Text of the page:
Few industries have escaped the disruption caused by the spread of the coronavirus throughout China and beyond. From computer production slowed by factory shutdowns to the falloff in the Chinese hospitality industry as quarantines curtail travel, the impact of the epidemic has been significant, and the future damage remains uncertain. Effects have not been limited to Hubei province, where the virus began in December; for example, Chinatown restaurants in major cities throughout the United States and other western countries have suffered significant sales losses as customers shy away due to virus fears.

MIDDLE MARKET INSIGHT As the world prepares for a potential coronavirus pandemic, middle market businesses must close attention to their vendor relationships, and ensure alternative sources of supply.

Here are some industry data points gleaned by RSM analysts.


  • 40% of U.S. apparel is sourced in China.
  • The proximity of apparel-producing provinces Guangdong and Zheijang to Hubei heightens the susceptibility of the sector to a prolonged break.
  • Vietnam, Bangladesh and other predominant countries in the U.S. apparel supply chain rely on Chinese imported materials for production.
  • Many apparel manufacturers in China rely on migrant workers who are hampered by travel restrictions.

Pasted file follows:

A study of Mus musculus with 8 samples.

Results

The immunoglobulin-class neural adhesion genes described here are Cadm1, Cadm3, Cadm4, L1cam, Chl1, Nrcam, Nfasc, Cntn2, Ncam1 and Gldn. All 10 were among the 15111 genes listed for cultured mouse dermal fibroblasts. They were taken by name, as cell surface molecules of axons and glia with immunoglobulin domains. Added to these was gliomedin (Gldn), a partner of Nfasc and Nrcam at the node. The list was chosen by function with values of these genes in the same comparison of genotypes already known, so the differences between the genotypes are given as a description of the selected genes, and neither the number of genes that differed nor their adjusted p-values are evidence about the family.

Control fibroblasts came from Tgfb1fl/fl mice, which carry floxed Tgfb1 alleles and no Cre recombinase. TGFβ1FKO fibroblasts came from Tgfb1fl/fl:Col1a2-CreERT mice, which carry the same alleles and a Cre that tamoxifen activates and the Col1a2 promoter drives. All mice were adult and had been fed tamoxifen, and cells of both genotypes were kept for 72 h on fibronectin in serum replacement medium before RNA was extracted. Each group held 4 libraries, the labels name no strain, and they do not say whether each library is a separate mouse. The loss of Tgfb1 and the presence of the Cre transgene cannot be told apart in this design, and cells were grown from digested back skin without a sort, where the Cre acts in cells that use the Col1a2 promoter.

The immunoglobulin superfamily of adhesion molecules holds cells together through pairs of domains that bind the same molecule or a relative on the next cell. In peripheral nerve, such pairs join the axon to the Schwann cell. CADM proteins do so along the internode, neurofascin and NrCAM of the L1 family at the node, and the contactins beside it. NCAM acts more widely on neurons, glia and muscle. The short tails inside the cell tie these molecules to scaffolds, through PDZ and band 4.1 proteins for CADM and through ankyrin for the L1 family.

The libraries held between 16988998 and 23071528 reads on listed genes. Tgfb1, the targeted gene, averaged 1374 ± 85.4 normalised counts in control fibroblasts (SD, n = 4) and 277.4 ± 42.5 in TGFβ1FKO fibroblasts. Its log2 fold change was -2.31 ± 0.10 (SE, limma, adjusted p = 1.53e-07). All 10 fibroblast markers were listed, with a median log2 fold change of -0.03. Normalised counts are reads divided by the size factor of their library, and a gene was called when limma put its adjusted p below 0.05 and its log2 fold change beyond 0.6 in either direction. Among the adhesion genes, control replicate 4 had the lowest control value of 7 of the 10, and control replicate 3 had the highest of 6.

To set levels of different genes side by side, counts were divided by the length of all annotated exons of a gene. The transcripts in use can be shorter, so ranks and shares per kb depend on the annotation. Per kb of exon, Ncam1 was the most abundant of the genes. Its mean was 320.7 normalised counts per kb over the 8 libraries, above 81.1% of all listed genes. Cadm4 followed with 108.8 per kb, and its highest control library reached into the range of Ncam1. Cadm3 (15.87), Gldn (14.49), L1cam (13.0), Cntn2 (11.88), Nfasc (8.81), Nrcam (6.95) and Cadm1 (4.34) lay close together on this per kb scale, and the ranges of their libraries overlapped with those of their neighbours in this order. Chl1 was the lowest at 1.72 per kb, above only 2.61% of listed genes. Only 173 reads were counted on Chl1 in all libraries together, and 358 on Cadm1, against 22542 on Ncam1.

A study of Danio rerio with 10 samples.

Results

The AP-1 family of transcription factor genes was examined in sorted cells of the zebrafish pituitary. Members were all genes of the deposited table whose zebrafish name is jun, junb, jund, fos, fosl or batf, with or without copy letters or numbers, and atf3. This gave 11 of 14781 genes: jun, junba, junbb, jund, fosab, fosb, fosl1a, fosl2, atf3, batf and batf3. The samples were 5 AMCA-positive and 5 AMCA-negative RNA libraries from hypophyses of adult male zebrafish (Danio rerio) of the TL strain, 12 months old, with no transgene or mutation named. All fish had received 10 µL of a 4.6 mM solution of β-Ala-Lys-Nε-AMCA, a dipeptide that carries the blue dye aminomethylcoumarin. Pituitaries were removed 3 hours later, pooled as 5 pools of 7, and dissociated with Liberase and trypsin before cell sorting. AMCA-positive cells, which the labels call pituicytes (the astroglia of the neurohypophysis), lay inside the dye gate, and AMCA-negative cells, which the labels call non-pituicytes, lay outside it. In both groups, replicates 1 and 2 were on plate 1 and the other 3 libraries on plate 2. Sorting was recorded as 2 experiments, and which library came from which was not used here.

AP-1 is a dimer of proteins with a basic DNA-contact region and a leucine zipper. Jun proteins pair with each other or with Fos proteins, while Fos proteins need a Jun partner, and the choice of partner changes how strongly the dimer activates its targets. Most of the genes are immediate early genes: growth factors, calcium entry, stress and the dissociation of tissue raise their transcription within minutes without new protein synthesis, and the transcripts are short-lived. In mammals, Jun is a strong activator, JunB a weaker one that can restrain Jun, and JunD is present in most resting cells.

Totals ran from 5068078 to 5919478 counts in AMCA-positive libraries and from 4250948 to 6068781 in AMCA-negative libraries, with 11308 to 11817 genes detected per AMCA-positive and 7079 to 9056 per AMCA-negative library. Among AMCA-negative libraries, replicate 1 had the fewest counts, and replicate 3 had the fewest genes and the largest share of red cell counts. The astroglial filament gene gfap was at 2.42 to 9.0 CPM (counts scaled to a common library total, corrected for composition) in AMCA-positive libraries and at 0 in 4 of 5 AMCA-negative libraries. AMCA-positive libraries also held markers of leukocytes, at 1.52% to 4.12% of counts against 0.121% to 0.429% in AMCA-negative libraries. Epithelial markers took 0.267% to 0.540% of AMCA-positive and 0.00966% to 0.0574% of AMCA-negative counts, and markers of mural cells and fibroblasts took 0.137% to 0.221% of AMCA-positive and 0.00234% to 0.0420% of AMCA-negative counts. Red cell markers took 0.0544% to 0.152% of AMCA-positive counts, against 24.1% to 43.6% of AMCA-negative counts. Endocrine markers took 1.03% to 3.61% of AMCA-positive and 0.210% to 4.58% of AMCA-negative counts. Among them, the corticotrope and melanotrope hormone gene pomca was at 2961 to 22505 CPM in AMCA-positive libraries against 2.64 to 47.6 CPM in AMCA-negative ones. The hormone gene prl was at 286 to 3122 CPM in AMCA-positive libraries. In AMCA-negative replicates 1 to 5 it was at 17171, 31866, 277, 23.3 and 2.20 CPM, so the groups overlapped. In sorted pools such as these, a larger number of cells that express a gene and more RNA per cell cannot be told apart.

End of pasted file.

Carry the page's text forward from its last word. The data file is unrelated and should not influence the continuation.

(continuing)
• Small and midsize apparel companies lacking diversified supply chains are most at risk.

           –Peter Cadigan 



  • Chinese nationals comprise the largest tourist market in the world; some 3 million visited the United States in 2018, according to the U.S. National Travel and Tourism Bureau.
  • A sustained outbreak of the coronavirus poses a significant threat to this growing market, which has more than quadrupled since 2009.
  • In the short-term, those hotel properties most affected by the virus outbreak are likely to be at the higher end of the market, as many Chinese travelers seek four- and five-star properties.

           –Laura Dietzel


  • China supplies 21% of the world’s chips for PCs, servers and mobile phones.
  • Nearly 17% of Apple’s revenue comes from China. The company said in mid-February that secondquarter sales were set to take a hit due to work slowdowns and temporary store closures in China, which has crimped demand; Apple is also suffering supply constraints.
  • Escalating tariffs amid the U.S.-China trade war have already prompted tech companies like Samsung and Ericsson AB to shift technology to other countries in Southeast Asia.
  • Spread of the coronavirus offers an additional incentive for supply chain diversification.

          –Victor Kao and Kurt Shenk

On the upside, technology may also provide a silver lining for those researchers fighting the illness. Adam Lohr, RSM senior analyst for life sciences, reports that advances in gene sequencing may accelerate the response to the outbreak. “Analysis technology and gene sequencing have allowed for the genome of the Wuhan virus to be sequenced less than a month after the first case was reported,” he writes.